There are an estimated 40 to 50 million speakers of regional and minority languages in the European Union.
Each and every one is a vital part of the diverse tapestry that makes Europe what it is today.
Yet, despite important progress over recent years in terms of rights and recognition, many challenges remain.
One particular challenge for the speakers of many of Europe’s 60 or more minority languages is to be able to enjoy radio and television in their own languages.
Since the number of persons belonging to national minorities can sometimes be low, in order to establish a fully-fledged media landscape of their own, they often depend on the media of neighbouring countries with the same language.
In addition, with more and more people wanting to access broadcasting online, any geographical restrictions can be particularly problematic.
Now the European Commission proposes to overhaul the 25 year old regulatory framework governing satellite and cable broadcasts, to include online transmissions. This would mean extending the ‘country of origin’ principle to allow the kind of cross border online viewing that already applies to cable and satellite broadcasting.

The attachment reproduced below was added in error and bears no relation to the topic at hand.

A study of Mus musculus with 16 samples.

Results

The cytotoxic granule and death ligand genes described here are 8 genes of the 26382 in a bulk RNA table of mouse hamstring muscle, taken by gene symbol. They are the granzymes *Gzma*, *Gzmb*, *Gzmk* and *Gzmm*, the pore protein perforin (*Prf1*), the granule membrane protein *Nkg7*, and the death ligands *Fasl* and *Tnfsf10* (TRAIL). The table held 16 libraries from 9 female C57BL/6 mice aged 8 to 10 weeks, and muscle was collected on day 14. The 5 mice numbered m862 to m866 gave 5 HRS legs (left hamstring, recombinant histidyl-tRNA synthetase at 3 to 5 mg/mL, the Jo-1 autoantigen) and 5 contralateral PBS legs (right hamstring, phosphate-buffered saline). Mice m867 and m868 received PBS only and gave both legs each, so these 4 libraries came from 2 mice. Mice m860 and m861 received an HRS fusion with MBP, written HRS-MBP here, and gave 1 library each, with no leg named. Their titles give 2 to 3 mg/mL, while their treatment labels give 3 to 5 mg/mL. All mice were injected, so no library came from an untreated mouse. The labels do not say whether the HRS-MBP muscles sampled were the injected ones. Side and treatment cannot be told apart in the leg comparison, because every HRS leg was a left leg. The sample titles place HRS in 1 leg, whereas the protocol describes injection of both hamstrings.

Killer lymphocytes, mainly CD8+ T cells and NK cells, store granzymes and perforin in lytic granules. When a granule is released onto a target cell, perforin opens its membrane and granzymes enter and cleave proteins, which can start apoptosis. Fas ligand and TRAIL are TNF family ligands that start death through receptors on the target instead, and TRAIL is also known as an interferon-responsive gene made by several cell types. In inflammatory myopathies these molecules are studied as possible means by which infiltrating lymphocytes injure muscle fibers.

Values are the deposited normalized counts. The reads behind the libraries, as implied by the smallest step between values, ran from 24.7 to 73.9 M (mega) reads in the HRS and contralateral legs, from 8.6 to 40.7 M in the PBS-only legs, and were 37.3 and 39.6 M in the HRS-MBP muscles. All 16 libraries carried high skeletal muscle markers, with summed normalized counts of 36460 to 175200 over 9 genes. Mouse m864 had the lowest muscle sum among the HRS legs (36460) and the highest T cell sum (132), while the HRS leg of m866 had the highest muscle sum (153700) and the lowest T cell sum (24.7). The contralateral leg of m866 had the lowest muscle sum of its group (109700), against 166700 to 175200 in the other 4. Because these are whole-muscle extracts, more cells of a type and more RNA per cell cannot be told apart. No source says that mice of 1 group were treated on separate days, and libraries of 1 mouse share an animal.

Whilst widely welcomed by both broadcasters and campaigners for minority and regional languages, the proposal has run into problems in the European Parliament. MEPs from the legal affairs committee voted to drastically reduce the scope of the ‘country of origin’ principle to apply only to news and current affairs programmes, excluding important types of programmes that are 100% financed by the broadcasters themselves such as children’s programmes.
The European Broadcasting Union (EBU) criticised the committee’s decision, saying MEPs had ‘missed the opportunity to adapt licensing rules to the digital age and to bring European content closer to consumers across the EU.’ The EBU also suggested that this could drive consumers towards more illegal online content services.
Opponents however are concerned about copyright safeguards, even though the territoriality principle of copyright and freedom of contract are maintained and sports and premium services fall out of the scope of the Commissions’ proposal for a regulation.
It now falls to the full Parliament to decide whether it agrees with the legal affairs committee or not. And that vote in Strasbourg next week could well be a game changer for Europe’s regional and minority languages.
(On Tuesday 12 December, the European Parliament is set vote on whether or not to accept the position adopted by the Legal Affairs Committee as the basis for negotiations with the other relevant EU institutions.)